Returning to the Workplace Post Covid
Monday, 19th July 2021 signalled that the return to work will increasingly be at the employer’s discretion.
It’s vital that organisations consider the physical safety and mental wellbeing of their people before returning them to the existing workplace. They should first consider if they can meet three conditions: is it essential for them to be in the workplace to do their job; is it sufficiently safe; and is it mutually agreed with workers?
We have a long road ahead to get the UK back to work, but by engaging with staff and taking the time to think through workplace protections, businesses will be in a much better position to bring people back at the right time and in the right way. For example:
- cutting office/meeting room capacity to allow easier social distancing.
- limiting external visitors
- enhanced office cleaning and hand hygiene availability
- mini staff inductions to inform returners about workplace changes and expectations
- hot desking: a hot desking return to work could actually be one of the safest if undertaken correctly. Keep employees distant and separated. Clean workspaces thoroughly (protocol, supplies, cleaning time). Create a system for track and trace (sign in/out sheets).
Many workers are anxious about returning to their normal place of work for a variety of reasons including:
- Feeling that their employer is putting pressure on them to do so.
- Dissatisfied with the health and safety measures put in place by their employer.
- Individual feelings around vulnerability.
- Anxiety around commuting.
- Lack of information from and consultation by their employer.
A key message for organisations as they plan for a potential return, therefore, is to approach the process in a holistic and systematic way. For example, make a good start by following the HSE’s COVID-19 risk assessment framework.
To support official government guidance, and to ensure that businesses are making decisions that are relevant for their specific workplace and workforce needs, the *CIPD has set out five guiding principles for businesses planning the return to the workplace:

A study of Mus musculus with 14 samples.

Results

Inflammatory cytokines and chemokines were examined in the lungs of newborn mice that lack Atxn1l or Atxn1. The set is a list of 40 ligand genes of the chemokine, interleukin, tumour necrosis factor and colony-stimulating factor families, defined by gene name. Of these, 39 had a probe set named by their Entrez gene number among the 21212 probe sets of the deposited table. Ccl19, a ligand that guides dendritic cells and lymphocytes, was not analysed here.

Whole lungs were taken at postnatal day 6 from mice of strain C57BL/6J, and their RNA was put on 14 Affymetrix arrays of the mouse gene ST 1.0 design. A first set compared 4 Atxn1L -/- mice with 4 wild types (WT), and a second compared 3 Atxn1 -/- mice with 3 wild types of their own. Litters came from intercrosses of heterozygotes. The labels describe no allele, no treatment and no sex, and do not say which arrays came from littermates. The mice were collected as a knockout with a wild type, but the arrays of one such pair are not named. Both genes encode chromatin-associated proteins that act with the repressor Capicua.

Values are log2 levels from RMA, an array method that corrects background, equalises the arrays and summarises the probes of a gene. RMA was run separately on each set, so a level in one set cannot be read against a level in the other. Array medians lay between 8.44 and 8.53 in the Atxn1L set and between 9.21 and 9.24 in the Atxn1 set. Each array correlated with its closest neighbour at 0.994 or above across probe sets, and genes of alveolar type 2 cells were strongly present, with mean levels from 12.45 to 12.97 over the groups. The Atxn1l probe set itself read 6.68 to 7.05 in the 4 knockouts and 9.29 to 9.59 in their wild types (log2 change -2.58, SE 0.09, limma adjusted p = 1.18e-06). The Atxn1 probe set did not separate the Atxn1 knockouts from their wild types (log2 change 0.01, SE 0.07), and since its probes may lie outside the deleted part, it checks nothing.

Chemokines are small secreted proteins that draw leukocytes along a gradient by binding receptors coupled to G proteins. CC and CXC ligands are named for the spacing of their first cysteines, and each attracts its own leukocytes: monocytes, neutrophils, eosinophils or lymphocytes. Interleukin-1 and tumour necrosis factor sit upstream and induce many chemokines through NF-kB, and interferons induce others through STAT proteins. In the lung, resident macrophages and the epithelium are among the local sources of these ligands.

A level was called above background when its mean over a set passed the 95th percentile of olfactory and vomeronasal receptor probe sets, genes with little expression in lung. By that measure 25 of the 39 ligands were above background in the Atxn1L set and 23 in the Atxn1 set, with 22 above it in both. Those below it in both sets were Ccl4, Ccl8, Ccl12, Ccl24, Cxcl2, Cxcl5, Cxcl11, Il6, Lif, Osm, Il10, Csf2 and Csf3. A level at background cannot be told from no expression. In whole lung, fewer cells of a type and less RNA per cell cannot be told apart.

- Know your business: There is no ‘one size fits all’ approach – businesses will need to build on government guidance with a response that is specific to their sector, size, business need, environment and people.
- Put people first: Employers must put their people’s health and well-being first, protecting them from risk of infection at work and reducing their risk of exposure when travelling to and from work. Employees need assurance they will be working in a safe and supportive environment that supports physical and mental well-being, given that the risk of Coronavirus is ongoing.
- Be Flexible: Businesses will need to adjust working practices to protect employees’ safety and mental well-being. This will mean keeping people working from home where possible then phasing people back into the workplace gradually, staggering working hours and when people are travelling to work. Businesses may also need to reconfigure workstations and common shared spaces to enable social distancing and effective cleaning.
- Be inclusive: Organisations need to balance fairness and consistency with flexibility to address individuals’ health concerns, given that people will have experienced the crisis in different ways. Line managers will need to be supported to help people transition back into work in a way that recognises their personal challenges and concerns and helps them feel safe.
- Be open: Individuals need to be confident that they can raise their concerns and needs about returning to the workplace without judgement. They need to know their concerns will be fairly considered by their line manager and employer and that they will be actively involved in decisions about coming back into work. The return to work must be a two-way conversation between an employer and individuals.
The role of line managers in supporting a return to the workplace is pivotal. Where people have been working continually from home for over a year, in many cases they will be the crucial (and sometimes only) link between the organisation and the individual.
Managers should be encouraged to have a one-to-one return conversation with every employee, where a key focus is on health, safety and wellbeing. This should provide the forum for a sensitive and open discussion about any worries or concerns someone may have, and any support needed for an effective return to the workplace. This is especially important for some groups of employees, such as those who have been furloughed, or who have joined the organisation during the past year.
Strict adherence to official Government advice in terms of people’s health and safety is a given, but beyond that, there is scope to develop a new vision for the organisation. Going forward, the experiences of the past year have offered us an opportunity to embrace ways of working that more closely meet people’s circumstances and choices.
Where a return to the workplace is necessary and/or desirable for both organisation and individual, at the heart of any plans should be a commitment to support flexible working (e.g. start times/working hours) where possible. This approach has the potential to enhance the quality of working lives for many people, while simultaneously improving organisational performance.